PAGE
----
December 15, 2011

Off the Shelf: Charlotte Powers: Power Down (Young Adult Novel)

Author: Ben White
Illustrator: Ben White

With the explosion of the Young Adult novels in the book industry and many of them taking on supernatural (e.g. Twilight) and action (e.g. The Hunger Games) themes, it was only a matter of time until superheroes got made into Young Adult novels. There’s been Young Adult books that have covered heroes (Wearing the Cape) and villains (Confessions of a D-List Supervillain). As well as Charlotte Powers: Power Down, which is part of the new wave of Young Adult superhero novels.

For starters, CP:PD is a Young Adult novel in the truer classic sense of the term. A good deal of Young Adult novels, like Twilight or The Hunger Games, are more books with sensibilities geared towards juniors and seniors in high school. Kind of like films that remove all of the blood and swearing to earn a PG-13 rating. Charlotte Powers: Power Down has sensibilities more towards freshmen and sophomores in highs school (or perhaps younger). I’m not saying that older people can’t enjoy it, but just be prepared to read something aimed towards younger “adults” than you might have expected.

Now, most superhero fiction (outside of comic books and adaptations) falls into two categories. Emulation. Which is works that take a more serious approach to making their own superhero world, and often uses elements from the bronze and modern age of comic books. And satire. Which isn’t necessarily satirical, but it often has a more tongue in cheek approach to creating their superhero world, and often uses elements from the golden and silver age of comic books. CP:PD definitely falls into the satire category.

For the first tenth or so of the novel, I was afraid that I was going to have to give CP:PD a particularly nasty review. Not because it was a young Young Adult novel nor because it fell into the satirical category. But I felt like it was almost too satirical. Too much cheekiness and pseudo science/terms, and not enough things to pull me in. The beginning of the novel starts with Charlotte Powers being stuck with the rest of her family in their Fortress of Solitude (not actually called that, but that’s what it basically is) and wanting to get out. It felt like The Invincibles, but if the family was stuck in one location and didn’t do much of anything.

However, I believe that everyone should read a third of a novel before they think about putting it down, and have to get through half of the novel before they can come up with their own damn opinion. Which is a good thing, because at about 20% of the novel, things get interesting, and at 50% of the novel, things really kick off. Once Charlotte Powers convinces her family that she needs to get out of the fortress and teleports to a school (living on her own), that’s when the novel starts heading into a good direction. It’s not just that she goes to school for the first time, but also for the first time Charlotte suddenly loses all of her powers (hence the title). She quickly becomes a very unpopular kid at school, starting when her guitar intro (literally, playing a guitar as she walks into class) goes haywire and everything fails. The only real friend she has is Charlotte Crescent (a.k.a. “C2”), a kind-hearted girl who happens to lack emotion.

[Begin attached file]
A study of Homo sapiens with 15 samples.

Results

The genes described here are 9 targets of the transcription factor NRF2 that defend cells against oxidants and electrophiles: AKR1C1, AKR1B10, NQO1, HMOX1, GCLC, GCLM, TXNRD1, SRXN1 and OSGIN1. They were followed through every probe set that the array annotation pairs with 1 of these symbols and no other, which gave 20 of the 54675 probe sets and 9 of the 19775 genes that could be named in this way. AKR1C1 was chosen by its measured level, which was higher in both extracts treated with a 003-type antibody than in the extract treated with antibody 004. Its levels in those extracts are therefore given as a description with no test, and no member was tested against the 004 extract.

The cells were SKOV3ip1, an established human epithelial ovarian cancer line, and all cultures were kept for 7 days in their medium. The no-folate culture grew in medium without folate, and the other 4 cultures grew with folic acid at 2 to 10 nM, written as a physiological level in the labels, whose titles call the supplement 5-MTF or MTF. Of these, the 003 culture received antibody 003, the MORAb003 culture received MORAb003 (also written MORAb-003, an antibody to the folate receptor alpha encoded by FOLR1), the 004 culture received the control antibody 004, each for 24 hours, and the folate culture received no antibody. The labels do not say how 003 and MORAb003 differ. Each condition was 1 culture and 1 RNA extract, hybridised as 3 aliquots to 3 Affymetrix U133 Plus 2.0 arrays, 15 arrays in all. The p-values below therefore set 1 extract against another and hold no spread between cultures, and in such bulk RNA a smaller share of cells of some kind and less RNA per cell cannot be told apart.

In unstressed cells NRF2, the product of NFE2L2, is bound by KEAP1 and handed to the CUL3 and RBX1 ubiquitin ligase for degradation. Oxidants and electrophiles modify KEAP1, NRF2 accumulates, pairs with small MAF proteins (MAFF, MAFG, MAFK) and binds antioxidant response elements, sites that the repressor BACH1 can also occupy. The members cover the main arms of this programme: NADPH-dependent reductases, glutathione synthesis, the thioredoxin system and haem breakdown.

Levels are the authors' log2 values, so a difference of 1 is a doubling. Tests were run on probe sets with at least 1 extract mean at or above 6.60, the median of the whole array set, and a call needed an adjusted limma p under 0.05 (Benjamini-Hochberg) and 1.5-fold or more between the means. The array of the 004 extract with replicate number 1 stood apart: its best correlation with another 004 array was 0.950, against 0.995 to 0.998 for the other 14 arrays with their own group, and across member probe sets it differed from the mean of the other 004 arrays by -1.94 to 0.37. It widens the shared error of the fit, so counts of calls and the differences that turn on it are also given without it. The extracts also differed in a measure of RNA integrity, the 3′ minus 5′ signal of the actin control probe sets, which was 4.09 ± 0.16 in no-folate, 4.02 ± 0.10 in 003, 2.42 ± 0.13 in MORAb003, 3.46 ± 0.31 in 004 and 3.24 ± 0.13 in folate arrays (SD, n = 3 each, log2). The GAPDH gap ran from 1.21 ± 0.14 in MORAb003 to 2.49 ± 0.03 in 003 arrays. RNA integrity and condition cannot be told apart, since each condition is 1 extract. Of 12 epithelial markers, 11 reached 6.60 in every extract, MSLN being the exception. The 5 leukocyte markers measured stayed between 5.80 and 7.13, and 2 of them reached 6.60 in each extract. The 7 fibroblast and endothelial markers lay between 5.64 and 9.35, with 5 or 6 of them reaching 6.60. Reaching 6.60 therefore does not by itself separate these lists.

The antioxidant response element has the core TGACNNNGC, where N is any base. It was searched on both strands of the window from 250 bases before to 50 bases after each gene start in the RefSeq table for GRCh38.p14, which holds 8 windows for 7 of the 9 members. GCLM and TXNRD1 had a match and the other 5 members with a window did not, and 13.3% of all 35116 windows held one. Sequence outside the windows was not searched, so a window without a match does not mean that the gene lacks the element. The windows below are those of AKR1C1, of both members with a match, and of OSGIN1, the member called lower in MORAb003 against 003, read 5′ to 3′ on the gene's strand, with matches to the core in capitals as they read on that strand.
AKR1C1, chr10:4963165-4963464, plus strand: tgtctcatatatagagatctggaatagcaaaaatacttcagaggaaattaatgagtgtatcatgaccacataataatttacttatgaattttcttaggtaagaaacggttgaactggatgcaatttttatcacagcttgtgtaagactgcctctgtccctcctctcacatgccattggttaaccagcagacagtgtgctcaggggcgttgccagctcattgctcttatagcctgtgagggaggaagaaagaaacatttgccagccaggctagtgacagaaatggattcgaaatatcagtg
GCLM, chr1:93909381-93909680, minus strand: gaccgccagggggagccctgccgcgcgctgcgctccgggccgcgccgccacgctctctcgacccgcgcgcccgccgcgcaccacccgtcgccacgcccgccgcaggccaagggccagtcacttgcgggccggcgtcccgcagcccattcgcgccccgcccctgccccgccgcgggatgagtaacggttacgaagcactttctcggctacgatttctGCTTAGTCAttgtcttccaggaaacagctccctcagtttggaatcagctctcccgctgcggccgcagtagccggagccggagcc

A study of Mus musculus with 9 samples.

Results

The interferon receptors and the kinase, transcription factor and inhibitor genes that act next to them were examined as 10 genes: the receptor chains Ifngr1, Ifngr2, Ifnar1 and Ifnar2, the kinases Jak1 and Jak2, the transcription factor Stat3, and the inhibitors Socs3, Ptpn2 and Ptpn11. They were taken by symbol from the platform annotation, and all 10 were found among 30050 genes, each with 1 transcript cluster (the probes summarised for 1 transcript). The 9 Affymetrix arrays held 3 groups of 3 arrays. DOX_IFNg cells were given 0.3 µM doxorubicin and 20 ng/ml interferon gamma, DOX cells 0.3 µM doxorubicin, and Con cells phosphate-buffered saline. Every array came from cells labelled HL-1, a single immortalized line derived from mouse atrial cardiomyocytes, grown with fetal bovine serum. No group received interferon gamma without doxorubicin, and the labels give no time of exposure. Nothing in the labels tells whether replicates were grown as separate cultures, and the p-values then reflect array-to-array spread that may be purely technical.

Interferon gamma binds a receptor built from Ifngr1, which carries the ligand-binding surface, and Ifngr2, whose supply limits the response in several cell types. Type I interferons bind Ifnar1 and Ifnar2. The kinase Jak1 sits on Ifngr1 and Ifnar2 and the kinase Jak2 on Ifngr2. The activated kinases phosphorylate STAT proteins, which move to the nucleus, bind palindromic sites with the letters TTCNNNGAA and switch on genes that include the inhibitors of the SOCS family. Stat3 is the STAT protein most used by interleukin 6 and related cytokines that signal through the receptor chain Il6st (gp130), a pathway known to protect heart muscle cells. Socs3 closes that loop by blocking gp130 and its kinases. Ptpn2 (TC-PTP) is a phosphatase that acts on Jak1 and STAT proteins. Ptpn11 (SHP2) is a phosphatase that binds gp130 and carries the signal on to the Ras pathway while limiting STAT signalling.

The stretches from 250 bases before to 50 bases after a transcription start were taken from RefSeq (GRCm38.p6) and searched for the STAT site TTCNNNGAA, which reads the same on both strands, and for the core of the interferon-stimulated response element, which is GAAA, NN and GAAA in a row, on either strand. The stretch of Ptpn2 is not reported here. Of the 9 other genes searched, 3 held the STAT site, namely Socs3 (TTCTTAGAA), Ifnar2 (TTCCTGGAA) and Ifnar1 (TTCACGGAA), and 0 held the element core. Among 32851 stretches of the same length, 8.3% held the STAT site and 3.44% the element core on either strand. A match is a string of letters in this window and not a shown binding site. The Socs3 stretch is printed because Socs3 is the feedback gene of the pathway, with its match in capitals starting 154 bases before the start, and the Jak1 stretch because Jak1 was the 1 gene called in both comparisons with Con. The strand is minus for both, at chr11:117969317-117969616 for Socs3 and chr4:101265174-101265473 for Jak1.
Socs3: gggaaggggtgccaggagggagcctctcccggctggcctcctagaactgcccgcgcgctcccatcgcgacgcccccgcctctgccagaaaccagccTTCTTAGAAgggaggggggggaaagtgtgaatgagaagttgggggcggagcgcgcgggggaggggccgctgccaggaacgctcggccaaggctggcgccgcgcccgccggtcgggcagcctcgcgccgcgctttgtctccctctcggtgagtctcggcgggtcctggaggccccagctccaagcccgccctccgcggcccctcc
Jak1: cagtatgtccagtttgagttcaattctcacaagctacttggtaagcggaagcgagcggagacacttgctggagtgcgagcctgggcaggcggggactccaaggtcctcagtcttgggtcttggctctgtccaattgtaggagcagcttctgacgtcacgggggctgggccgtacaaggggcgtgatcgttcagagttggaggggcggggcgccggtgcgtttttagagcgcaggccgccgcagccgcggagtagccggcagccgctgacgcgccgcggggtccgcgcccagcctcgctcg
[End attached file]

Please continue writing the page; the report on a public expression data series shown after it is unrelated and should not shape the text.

I actually like the non-superhero parts of this novel much more than any of the superhero stuff and action. But your mileage may vary since I’ve always been a fan of character over plot. If you’re more of a plot kind of person, then perhaps the fact that there’s something mysterious and sinister going on in the school will keep you turning the pages.

Ben White’s greatest strength is writing the voice of Charlotte Powers. When you read the book, you really do get a fifteen-year-old girl’s voice in your head. And more importantly, Charlotte really does come off as a believable fifteen-year-old kid. Likewise, the greatest weakness of this book is the voicing. Because she’s fifteen years old, and there’s this REALLY big problem you know? And like, there’s some supervillain she has to deal with, but not having powers is totally NOT cool. However, after that 20% mark, you’ll start getting used to the near stream of consciousness first person writing.

You know what this book ultimately reminds me of? A Disney Channel movie. And before anyone thinks I threw a complete insult, I mean the old Disney Channel movies like Zenon: Girl of the 21st Century (though CP:PD is a bit more mature). You know, it’s tongue in cheek, it’s for a younger audience than you, but if you just accept that and go with the flow, you might enjoy it.

If you would like to purchase a copy of the book, you can do so here.

Andrew Hudson

This book was provided by Ben White.